Q: Our customer’s insurance company just called and advised they were not going to take possession of a vehicle they deemed to be a total loss, they would not be paying our fees, and would be sending us the title. We don’t want the car; we want to be paid for our services. What can we do?
A: This is not an isolated issue – insurers abandoning cars (and their responsibilities) goes as far back as auto claims have existed. And even though this practice is generally considered unethical at best, it may also violate most state laws and regulations governing insurance practices. However, there is a simple and effective solution without getting into a legal battle.
Who Do You Work For?
Remember who you work for! While the customer may be “king,” they’re also responsible for their property and their conduct as well as the conduct of their insurer.
The quickest way to respond to this situation is to contact your customer by certified mail advising them of the situation the insurer has placed them in and that, as your customer, they will be personally responsible for any and all charges, fees and costs for your services rendered, including administrative efforts. Be firm but offer to assist them in the matter (other than eating your charges!).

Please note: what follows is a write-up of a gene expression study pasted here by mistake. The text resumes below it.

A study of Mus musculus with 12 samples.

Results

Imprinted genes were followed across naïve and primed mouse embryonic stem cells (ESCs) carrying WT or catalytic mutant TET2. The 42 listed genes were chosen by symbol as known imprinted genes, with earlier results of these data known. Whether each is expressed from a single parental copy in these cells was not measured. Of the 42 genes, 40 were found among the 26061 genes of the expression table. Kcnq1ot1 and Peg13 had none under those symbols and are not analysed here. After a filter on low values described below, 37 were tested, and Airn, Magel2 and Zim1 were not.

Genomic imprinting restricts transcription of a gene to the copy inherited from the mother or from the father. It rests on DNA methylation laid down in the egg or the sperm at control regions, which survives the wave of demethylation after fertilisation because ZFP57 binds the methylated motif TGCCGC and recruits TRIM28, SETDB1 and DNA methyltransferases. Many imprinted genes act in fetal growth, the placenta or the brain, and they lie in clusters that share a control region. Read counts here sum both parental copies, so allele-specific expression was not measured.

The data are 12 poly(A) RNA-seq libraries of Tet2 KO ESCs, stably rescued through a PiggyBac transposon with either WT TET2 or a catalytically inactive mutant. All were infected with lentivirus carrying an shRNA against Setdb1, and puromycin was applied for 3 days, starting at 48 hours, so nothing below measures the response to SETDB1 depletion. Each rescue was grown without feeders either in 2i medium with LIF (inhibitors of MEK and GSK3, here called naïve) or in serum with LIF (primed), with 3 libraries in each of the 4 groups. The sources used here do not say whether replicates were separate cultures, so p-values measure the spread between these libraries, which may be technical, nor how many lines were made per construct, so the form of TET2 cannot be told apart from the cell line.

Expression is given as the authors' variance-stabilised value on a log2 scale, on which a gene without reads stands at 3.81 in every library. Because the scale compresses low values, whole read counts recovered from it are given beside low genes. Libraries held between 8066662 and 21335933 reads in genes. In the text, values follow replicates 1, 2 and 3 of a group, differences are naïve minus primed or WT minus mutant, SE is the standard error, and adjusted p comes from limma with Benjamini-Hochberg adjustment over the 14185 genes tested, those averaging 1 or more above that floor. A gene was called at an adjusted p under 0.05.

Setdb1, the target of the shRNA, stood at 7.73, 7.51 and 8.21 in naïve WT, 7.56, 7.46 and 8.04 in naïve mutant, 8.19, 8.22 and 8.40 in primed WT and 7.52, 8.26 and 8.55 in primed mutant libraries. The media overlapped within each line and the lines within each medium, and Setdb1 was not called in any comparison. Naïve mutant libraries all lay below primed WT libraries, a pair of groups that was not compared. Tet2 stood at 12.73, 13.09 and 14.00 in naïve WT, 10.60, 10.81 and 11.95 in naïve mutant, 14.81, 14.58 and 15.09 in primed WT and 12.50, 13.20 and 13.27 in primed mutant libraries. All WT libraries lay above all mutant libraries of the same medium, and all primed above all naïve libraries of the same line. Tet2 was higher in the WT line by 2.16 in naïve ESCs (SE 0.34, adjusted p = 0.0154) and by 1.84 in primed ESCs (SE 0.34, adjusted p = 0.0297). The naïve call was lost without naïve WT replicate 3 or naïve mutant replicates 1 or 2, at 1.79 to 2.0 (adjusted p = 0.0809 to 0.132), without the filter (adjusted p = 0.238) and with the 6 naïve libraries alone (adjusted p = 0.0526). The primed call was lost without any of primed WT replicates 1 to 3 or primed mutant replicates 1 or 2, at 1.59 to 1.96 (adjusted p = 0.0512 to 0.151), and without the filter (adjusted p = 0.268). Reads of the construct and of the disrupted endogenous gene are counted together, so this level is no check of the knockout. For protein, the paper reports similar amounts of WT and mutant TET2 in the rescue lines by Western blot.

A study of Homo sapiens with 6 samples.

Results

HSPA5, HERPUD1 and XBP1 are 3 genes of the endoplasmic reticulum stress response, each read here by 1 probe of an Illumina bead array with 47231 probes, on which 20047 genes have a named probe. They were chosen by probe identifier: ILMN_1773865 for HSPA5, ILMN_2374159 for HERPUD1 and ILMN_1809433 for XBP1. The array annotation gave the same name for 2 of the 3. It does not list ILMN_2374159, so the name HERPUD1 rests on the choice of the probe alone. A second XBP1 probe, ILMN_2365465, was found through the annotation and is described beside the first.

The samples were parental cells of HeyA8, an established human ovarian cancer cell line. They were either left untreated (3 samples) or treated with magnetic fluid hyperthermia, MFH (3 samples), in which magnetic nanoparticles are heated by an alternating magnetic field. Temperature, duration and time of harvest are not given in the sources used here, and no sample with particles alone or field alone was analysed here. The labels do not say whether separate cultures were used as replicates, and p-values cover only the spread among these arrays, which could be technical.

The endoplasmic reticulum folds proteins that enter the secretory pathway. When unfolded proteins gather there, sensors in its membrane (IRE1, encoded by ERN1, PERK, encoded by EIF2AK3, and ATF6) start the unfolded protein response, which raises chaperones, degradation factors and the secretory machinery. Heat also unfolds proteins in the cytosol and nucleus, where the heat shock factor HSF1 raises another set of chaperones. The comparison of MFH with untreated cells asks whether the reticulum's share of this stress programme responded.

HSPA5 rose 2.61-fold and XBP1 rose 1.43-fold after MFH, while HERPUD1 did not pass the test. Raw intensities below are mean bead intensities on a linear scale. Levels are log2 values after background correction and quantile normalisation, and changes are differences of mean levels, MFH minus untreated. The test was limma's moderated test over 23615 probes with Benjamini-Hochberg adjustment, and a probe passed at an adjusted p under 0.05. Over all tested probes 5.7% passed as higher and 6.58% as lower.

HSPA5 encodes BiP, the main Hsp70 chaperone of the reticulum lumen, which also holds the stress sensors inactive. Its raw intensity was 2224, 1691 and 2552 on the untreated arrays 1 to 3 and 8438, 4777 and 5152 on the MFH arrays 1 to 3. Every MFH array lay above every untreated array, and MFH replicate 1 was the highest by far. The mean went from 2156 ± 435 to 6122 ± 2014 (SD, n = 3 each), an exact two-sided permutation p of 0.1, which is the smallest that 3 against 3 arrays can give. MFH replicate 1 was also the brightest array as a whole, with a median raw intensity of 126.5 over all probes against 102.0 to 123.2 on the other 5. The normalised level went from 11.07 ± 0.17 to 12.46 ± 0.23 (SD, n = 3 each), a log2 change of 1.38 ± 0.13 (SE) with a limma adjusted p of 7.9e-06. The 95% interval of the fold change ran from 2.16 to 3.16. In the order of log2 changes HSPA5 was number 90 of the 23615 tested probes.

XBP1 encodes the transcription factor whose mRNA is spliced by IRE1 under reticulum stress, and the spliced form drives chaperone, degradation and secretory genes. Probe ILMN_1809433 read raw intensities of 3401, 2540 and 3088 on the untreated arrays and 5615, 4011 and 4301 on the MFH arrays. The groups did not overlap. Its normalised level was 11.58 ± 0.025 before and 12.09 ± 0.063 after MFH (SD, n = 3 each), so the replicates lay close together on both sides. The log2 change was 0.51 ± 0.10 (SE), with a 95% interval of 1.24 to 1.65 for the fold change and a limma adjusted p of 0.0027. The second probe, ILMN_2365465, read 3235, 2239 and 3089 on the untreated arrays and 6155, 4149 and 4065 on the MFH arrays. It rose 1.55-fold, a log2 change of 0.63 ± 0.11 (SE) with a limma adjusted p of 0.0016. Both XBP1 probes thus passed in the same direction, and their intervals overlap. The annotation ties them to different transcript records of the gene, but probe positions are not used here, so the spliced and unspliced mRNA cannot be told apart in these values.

It’s important to keep in mind that although the insurer’s handling of the matter may not be right – or even legal – you are not party to their policy and as such have no right to hold the insurer accountable and so you must look to your customer. Trust me, when you inform the customer of what the insurer has done to them and the resulting costs that they themselves will be responsible for, your customer will likely resolve the matter with the insurer and do so quickly to avoid your having to bill them for your services.
Know the Laws
In some states, it’s important to understand your lien laws as there are often time limits that must be adhered to in order to continue to charge for storage. Know what they are and develop internal policies and procedures to avoid forfeiting any rights and abilities to assess storage and administrative fees.
Of course, each repairer should have a well-crafted repair authorization/contract clearly showing all potential responsibilities of the customer.
Developing a repair authorization/contract is one of the very first tasks that ADE undertakes with each of its repairer coaching/consulting clients. This requires gaining a thorough understanding of their local and state regulations and statutes relative to the repairer’s responsibilities as well as the insurer’s regarding proper good-faith claims handling and practices.
Understanding where each party stands in the repair/claims process is vitally important to safeguarding the repairer and consumer in such business dealings and shifting responsibilities and accountability to the appropriate parties.